Föreläsningar och seminarier Externt MBB seminarium: David Walt "Ultrasensitive Protein Measurements for Fundamental Biochemistry and Clinical Applications"
Seminarium med David R. Walt, Wyss Institute for Biologically Inspired Engineering at Harvard University, Harvard Medical School, Department of Pathology, Brigham and Women’s Hospital. Information följer på engelska, då seminariet är på engelska.
We have developed microwell arrays as a platform for studying both fundamental biochemistry and performing clinical measurements. The microwells can be used as miniature reaction chambers to measure the kinetics of large numbers of individual enzyme molecules and observe phenomena that cannot be seen using bulk techniques. The arrays can also be used to measure the concentrations of proteins and nucleic acids more than a thousand times lower than traditional assays. This ultrasensitivity provides the ability to measure molecules in biological samples, such as blood, at levels that cannot be detected using conventional methods.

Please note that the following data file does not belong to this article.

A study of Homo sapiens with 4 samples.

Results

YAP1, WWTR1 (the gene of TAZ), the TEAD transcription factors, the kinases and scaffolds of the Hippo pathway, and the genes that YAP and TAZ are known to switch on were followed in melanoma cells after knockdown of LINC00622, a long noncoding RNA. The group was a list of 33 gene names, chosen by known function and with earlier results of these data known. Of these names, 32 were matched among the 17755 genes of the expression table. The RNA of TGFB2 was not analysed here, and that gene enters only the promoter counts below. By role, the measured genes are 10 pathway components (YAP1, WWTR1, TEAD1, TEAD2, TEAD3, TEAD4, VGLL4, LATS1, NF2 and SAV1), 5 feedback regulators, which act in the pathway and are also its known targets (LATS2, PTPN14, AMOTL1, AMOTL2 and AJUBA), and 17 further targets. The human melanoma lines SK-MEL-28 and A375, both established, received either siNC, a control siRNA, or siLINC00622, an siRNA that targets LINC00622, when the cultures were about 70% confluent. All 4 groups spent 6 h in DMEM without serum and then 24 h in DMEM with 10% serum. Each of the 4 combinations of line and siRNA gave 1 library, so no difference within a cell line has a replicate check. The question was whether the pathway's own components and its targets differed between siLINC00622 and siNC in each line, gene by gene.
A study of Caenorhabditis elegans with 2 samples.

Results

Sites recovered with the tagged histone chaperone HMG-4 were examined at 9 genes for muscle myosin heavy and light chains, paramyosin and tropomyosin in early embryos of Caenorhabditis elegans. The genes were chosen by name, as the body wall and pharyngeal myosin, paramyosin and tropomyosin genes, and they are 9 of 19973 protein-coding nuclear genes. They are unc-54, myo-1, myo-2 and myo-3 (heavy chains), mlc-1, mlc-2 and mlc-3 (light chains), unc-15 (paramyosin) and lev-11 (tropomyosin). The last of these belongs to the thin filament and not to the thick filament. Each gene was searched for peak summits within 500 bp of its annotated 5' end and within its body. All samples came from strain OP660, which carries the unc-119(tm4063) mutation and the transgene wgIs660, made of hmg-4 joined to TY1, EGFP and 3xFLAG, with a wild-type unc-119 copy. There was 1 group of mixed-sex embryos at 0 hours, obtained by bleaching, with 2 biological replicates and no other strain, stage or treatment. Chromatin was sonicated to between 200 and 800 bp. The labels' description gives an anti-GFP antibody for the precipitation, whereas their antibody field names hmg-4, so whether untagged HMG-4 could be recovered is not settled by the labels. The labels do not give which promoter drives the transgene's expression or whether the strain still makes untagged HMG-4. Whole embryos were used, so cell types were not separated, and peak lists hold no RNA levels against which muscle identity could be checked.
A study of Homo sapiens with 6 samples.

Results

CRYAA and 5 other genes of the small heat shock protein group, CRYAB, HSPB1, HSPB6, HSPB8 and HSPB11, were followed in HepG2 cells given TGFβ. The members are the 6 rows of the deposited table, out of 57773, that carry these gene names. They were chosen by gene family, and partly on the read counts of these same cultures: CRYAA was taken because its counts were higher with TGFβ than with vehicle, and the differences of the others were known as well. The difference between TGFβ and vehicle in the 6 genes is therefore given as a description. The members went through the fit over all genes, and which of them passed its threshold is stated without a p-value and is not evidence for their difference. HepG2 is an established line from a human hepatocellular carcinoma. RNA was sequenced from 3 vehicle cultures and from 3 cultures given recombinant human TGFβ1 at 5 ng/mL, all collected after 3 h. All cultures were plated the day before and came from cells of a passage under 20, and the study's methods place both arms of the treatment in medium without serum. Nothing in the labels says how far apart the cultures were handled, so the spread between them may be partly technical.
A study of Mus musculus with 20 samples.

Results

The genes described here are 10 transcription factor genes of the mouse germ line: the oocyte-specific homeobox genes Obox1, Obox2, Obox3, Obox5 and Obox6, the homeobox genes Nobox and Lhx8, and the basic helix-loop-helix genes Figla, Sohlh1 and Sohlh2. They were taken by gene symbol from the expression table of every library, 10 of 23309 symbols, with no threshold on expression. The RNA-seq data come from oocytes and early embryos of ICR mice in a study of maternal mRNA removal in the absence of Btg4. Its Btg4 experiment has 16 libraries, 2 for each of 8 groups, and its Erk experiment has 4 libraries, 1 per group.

David R. Walt is the Hansjörg Wyss Professor of Bioinspired Engineering at Harvard Medical School and Professor of Pathology at Harvard Medical School and Brigham and Women’s Hospital, is a Core Faculty Member of the Wyss Institute at Harvard University and is a Howard Hughes Medical Institute Professor. Previously, he was University Professor at Tufts University. His laboratory pioneered the development of microwell arrays, which revolutionized the field of genetic analysis. Dr. Walt’s laboratory also introduced the idea of digital protein detection by developing a high throughput technology for performing single molecule analysis. Dr. Walt is the Scientific Founder of Illumina Inc., Quanterix Corp., and has co-founded several other life sciences startups including Ultivue, Inc., Arbor Biotechnologies, Sherlock Biosciences, and Vizgen, Inc. He has received numerous national and international awards and honors for his fundamental and applied work in the field of optical microwell arrays and single molecules. He is a member of the National Academy of Engineering, the National Academy of Medicine, a Fellow of the American Academy of Arts and Sciences, a Fellow of the American Institute for Medical and Biological Engineering, a Fellow of the National Academy of Inventors, and is inducted in the US National Inventors Hall of Fame.